Strong stuff from Lorenzo Bini Smaghi today, speaking in Abu Dhabi. The ECB executive board member has spoken out on the watered-down EU agreement, saying:
The Heads of State and Government of the European Union … wanted to retain the ability to decide on budgetary matters, in particular concerning the imposition of sanctions on countries not respecting the rules. They did not want to deprive themselves of their powers in favour of the European Commission, nor to bind themselves with a rules-based approach.
Mr Bini Smaghi points out that the EU’s chosen route does not solve a key problem inherent in the Stability and Growth Pact, namely that ‘when potential future sinners have to judge current sinners, the tendency for forgiveness prevails’. This would be solved by automatic sanctions backed by the ECB and backed in part by the EC proposal, he points out, asking:
Why should the Eurogroup be expected to behave in the future any differently than in the past? The question remains unanswered. The discussion is not over yet…
Temporary measures designed to ease a cash crunch in the banking sector over the weekend have been extended to run till Thursday. Additional liquidity will be provided to banks through an extra daily auction, since the Bank’s “liquidity adjustment facility window … has been in … deficit … recent[ly]“. Extra auctions were initially set for October 29, 30 and November 1. Now, auctions will also take place on November 2, 3 and 4.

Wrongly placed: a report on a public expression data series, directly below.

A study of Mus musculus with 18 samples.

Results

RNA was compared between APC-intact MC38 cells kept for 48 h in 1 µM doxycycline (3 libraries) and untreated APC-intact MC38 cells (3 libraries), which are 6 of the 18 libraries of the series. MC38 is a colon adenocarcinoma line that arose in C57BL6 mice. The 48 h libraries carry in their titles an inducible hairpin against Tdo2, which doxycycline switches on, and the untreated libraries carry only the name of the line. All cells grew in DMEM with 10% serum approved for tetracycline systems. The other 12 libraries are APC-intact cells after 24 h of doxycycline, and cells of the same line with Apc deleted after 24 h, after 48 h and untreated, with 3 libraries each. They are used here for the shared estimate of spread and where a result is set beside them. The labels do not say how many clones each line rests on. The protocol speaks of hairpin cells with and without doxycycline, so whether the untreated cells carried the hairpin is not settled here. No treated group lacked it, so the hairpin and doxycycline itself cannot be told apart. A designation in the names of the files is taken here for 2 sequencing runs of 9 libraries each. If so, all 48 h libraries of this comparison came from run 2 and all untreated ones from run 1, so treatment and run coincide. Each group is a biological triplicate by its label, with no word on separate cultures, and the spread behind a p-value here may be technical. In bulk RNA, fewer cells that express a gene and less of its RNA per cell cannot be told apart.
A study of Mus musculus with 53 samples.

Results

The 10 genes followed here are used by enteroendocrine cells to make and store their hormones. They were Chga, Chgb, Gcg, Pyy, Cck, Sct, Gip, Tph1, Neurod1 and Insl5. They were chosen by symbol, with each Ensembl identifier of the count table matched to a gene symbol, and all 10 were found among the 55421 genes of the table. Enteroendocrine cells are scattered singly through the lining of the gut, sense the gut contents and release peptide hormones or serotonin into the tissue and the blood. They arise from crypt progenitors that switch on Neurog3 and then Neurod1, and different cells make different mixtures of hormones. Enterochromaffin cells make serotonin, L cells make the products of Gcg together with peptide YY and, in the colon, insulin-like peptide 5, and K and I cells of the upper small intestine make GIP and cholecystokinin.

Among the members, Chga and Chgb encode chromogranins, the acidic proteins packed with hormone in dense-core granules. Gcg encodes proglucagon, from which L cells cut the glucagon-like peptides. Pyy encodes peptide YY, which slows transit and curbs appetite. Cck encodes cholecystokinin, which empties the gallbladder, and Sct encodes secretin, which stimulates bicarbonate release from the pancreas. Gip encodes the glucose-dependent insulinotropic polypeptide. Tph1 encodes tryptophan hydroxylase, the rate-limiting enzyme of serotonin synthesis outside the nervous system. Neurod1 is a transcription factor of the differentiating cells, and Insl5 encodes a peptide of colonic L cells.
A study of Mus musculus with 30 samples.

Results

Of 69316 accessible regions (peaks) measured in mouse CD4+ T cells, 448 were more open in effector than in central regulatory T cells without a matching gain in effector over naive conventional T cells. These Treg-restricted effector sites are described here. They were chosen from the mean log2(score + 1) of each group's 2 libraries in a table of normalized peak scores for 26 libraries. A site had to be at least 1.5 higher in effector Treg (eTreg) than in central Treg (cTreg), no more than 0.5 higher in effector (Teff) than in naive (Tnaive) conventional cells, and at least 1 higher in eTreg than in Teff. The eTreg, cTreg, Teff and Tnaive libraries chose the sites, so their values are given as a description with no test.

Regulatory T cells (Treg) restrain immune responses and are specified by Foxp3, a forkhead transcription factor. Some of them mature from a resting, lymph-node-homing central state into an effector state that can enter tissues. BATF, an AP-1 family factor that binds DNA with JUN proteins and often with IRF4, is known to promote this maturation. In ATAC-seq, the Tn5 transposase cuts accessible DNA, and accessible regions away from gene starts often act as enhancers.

Banks can also avail themselves of a temporary reduction in the statutory liquidity ratio: they will be allowed to hold 24 per cent rather than 25 per cent with the central bank. By one estimate, this small reduction is equivalent to an additional $10bn liquidity. Read more
Tomorrow, Australia kicks off a bumper week for monetary policy. The much-anticipated Fed decision follows on Wednesday. Less-anticipated Bank of England and European Central Bank follow on Thursday, and the Bank of Japan, which brought forward its meeting date, rounds off the week on Friday.
Expectations are as follows:-
- Australia (Nov 2): Last month’s rate hold caused surprise, but subsequent minutes were quite hawkish, suggesting the Reserve Bank might resume its rate rises from the current 4.5 per cent;
- United States (Nov 3): Resumption of quantitative easing expected (see Robin’s forward guidance on likely speed and size of QE2). No change in fed funds rate expected.
- Bank of England (Nov 4): No change expected.
- European Central Bank (Nov 4): No change expected.
- Bank of Japan (Nov 5): Unclear; possible further QE to be announced.